6.4: Idealized "average" global atmospheric circulation
- Atmospheric pressure patterns and atmospheric circulation cells
Air molecules in the atmosphere move following the laws of physics and fluid dynamics. Hot air will rise, just as cold air will sink. The processes that set the global circulation cells in motion are as follows:
1. On land, solar radiation heats up Earth's surface and surface atmosphere. This results in air molecules rising through the atmospheric column. It also creates a system of low pressure on the surface, since molecules float away, and form a system of high pressure at the top of the column as molecules bunch together.
2. In the atmosphere, air molecules are cooled at the top of the atmospheric column, and begin to sink. Like with the previous scenario, sinking molecules create a system of low pressure at the top of the column, and a high pressure system at the surface below.
3. Fluids move from high pressures to low pressures. In this case, at one point on earth molecules sink from the top of the atmosphere on to land as they are cooled, creating low pressure. At another point molecules that are rising due to higher temperatures on land are creating high pressure at the top of the atmosphere. This pressure differential results in molecules at the high pressure area at the top of the atmosphere to move towards the low pressure area at the top of the atmosphere. This is the same on land, where the molecules at the surface high pressure area move towards the surface low pressure area. This motion results in an atmospheric circulation cell.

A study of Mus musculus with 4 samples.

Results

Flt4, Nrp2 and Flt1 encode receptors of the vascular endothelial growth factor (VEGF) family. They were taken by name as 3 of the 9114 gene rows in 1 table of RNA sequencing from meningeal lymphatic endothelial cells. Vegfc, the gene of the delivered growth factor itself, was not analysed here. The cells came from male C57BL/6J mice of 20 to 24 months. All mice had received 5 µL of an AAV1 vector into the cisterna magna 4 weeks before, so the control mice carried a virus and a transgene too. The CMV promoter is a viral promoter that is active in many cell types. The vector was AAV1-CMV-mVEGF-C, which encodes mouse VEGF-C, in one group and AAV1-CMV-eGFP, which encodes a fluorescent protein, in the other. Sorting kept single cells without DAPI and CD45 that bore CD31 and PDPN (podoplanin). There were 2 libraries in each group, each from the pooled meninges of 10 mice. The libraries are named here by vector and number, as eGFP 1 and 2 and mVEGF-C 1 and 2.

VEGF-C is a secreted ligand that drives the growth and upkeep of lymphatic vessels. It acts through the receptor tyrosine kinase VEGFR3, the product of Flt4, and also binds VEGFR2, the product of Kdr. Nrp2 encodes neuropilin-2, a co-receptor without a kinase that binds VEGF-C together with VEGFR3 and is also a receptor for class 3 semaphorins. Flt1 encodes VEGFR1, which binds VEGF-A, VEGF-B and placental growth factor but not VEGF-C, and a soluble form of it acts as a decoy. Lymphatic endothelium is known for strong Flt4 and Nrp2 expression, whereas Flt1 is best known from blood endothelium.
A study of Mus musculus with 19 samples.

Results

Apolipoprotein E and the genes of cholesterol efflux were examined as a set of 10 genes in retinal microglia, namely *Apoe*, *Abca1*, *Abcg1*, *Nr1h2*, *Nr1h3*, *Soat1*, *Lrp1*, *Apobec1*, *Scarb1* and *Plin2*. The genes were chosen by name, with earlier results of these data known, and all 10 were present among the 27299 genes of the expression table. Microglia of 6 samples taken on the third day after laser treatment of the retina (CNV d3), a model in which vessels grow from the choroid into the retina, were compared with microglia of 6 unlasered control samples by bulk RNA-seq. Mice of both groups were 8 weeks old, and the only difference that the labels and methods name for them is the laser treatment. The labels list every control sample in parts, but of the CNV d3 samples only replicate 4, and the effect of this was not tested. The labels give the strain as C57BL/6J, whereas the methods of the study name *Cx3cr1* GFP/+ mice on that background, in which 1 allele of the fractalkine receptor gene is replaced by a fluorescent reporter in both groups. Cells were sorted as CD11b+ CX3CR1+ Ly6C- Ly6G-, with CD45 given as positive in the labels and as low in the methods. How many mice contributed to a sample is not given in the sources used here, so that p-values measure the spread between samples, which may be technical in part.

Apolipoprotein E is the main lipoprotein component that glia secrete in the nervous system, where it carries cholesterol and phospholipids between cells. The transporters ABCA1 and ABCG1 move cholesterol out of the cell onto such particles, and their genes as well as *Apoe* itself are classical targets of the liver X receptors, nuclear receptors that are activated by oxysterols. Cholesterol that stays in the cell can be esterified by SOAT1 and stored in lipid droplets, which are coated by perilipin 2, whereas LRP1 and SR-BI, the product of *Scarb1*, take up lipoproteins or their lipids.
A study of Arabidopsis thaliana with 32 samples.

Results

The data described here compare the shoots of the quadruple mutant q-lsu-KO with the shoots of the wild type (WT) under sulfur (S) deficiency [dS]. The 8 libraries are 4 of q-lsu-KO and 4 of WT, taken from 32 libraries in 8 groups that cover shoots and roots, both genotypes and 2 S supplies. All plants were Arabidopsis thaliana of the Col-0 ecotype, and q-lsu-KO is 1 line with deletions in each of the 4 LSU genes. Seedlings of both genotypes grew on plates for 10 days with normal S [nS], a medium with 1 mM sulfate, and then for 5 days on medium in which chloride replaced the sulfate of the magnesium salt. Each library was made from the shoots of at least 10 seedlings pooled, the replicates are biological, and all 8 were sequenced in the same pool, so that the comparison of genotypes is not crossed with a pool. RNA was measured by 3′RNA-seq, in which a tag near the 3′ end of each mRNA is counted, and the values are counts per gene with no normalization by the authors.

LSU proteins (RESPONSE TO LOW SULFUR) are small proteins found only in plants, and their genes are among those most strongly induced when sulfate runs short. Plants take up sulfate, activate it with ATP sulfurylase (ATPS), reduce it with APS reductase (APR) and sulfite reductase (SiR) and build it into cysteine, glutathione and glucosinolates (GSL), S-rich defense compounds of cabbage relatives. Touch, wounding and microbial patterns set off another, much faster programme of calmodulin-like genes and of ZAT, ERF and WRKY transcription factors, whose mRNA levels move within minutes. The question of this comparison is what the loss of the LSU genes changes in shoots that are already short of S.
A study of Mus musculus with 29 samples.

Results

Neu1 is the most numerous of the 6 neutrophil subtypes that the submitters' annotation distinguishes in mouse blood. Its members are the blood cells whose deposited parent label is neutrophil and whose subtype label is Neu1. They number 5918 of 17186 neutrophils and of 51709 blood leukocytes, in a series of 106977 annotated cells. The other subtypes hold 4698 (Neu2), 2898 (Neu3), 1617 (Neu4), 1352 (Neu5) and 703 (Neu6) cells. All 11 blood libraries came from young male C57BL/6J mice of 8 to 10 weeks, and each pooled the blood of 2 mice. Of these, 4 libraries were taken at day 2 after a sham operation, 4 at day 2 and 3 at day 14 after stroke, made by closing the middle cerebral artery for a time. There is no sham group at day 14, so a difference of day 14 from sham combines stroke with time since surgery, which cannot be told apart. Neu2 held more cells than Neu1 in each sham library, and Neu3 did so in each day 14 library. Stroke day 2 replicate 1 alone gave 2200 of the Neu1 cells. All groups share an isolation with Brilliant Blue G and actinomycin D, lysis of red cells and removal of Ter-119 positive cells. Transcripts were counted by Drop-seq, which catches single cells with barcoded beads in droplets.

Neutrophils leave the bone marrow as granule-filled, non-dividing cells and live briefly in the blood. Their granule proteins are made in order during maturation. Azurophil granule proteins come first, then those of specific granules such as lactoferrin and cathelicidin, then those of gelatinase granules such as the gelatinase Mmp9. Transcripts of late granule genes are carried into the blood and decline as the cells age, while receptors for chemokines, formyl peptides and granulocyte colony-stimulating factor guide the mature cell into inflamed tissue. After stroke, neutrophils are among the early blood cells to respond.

- Where do these cells form?
These atmospheric circulation cells begin in areas where solar radiation results in increased temperatures in land. On the equator, the intense solar radiation creates low pressure systems on the surface that initiate the circulation of air molecules. At 30N and 30S, the cooling molecules sink and form high pressure systems on the surface. These patterns are repeated every 30 degrees in both directions with the equator as the original low pressure area, alternating every 30 degrees thereafter.